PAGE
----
The main principles of Islamic finance include:
– The prohibition of taking or receiving interest (riba);
- Capital must have a social and ethical purpose beyond pure, unfettered return;
- Investments in businesses dealing with alcohol, gambling, drugs or anything else that Shariah considers unlawful are prohibited;
- A prohibition on transactions involving maysir (speculation or gambling); and
- A prohibition on gharar, or uncertainty about the subject-matter and terms of contracts—this includes a prohibition on selling something that one does not own.
Because of the restriction on interest-earning investments, Islamic banks seek to obtain their earnings through profit-sharing investments or fee-based returns. When financing is provided for business purposes, the financier, if he wants to make a legitimate gain under the Shariah, should take part in the risk. If a financier does not take part in the risk, his receipt of any gain over the amount provided is classed as interest.
Although Islamic banking and finance authorities are attempting to provide a uniform code of standards and practices, the specifics relating
to Shariah-compliance can vary between regions and Islamic schools of thought.
To ensure local adherence, each financial institution must therefore be guided by its own internal board of Islamic scholars (often assisted by national boards) that advise on the way in which all transactions are to be processed. Moreover, a number of bodies aim to provide standards and references.
The Accounting and Audit Organisation for Islamic Financial Institutions (AAOIFI), established in 1990 in Bahrain, is an autonomous nonfor-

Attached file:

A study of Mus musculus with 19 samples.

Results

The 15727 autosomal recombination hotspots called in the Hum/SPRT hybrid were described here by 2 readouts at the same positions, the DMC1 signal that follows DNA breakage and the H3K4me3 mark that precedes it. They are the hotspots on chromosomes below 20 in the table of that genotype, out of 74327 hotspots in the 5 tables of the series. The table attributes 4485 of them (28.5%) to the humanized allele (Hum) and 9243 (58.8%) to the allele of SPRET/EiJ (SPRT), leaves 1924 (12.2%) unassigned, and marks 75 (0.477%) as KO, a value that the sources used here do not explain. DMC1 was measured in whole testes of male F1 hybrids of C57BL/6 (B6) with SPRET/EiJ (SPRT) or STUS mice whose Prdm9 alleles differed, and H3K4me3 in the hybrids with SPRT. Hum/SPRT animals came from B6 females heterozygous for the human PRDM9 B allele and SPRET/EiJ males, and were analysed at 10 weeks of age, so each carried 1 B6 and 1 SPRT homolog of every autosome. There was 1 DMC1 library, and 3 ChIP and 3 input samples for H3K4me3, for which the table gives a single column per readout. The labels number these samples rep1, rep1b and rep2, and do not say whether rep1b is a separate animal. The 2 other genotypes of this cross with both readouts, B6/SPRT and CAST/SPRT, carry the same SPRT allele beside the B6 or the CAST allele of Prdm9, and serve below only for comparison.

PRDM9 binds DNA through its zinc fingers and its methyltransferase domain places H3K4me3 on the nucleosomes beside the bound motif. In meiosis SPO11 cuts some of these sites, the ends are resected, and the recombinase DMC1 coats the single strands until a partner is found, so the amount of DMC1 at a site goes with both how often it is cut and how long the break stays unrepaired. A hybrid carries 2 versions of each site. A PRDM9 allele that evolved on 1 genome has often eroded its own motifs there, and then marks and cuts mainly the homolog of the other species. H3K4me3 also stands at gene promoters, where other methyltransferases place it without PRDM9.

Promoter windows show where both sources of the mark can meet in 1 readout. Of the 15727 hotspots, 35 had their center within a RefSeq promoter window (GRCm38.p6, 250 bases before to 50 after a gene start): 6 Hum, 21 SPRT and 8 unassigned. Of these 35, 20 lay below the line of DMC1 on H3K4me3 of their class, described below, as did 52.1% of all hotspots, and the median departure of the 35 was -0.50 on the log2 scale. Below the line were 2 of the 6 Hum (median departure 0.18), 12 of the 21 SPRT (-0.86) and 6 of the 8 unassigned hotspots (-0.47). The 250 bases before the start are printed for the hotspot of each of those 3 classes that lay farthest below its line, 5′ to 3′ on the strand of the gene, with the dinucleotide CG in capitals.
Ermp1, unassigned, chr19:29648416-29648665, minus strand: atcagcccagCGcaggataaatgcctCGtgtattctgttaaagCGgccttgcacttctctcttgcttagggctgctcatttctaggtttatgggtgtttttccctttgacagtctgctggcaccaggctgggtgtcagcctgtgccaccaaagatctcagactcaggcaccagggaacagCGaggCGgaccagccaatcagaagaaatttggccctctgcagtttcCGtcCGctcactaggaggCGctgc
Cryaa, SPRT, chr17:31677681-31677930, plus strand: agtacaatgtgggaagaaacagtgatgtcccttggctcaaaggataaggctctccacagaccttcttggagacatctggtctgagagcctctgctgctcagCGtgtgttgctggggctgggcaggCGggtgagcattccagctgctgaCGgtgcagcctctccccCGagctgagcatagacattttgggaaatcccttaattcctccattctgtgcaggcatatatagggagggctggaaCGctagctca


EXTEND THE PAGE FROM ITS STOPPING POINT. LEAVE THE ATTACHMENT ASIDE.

profit body that prepares accounting, auditing, governance, ethics and Shariah standards for Islamic financial institutions, with a view to having them globally adopted as international benchmarks for the industry. They are intended to complement existing international accounting standards (lAS), where there are no specific standards to deal with Islamic banking transactions.
Bahrain and Sudan now require Islamic banks to comply with AAOIFI’s standards, and in the Kingdom of Saudi Arabia and other Muslim majority
countries, AAOIFI’s standards are being specified as guidelines.
The IFSB, based in Kuala Lumpur (Malaysia), is an organisation intended to develop international regulatory standards to promote the soundness
and stability of the Islamic financial services industry. Its main objectives are to promote the development of prudent and transparent Islamic financial services and provide guidance on the effective supervision and regulation of institutions offering Islamic financial products.
In December 2005, the IFSB adopted two standards — the Guiding Principles of Risk Management and the Capital Adequacy Standard which were intended to complement the Basel II accord with provisions specifically designed for Islamic banks.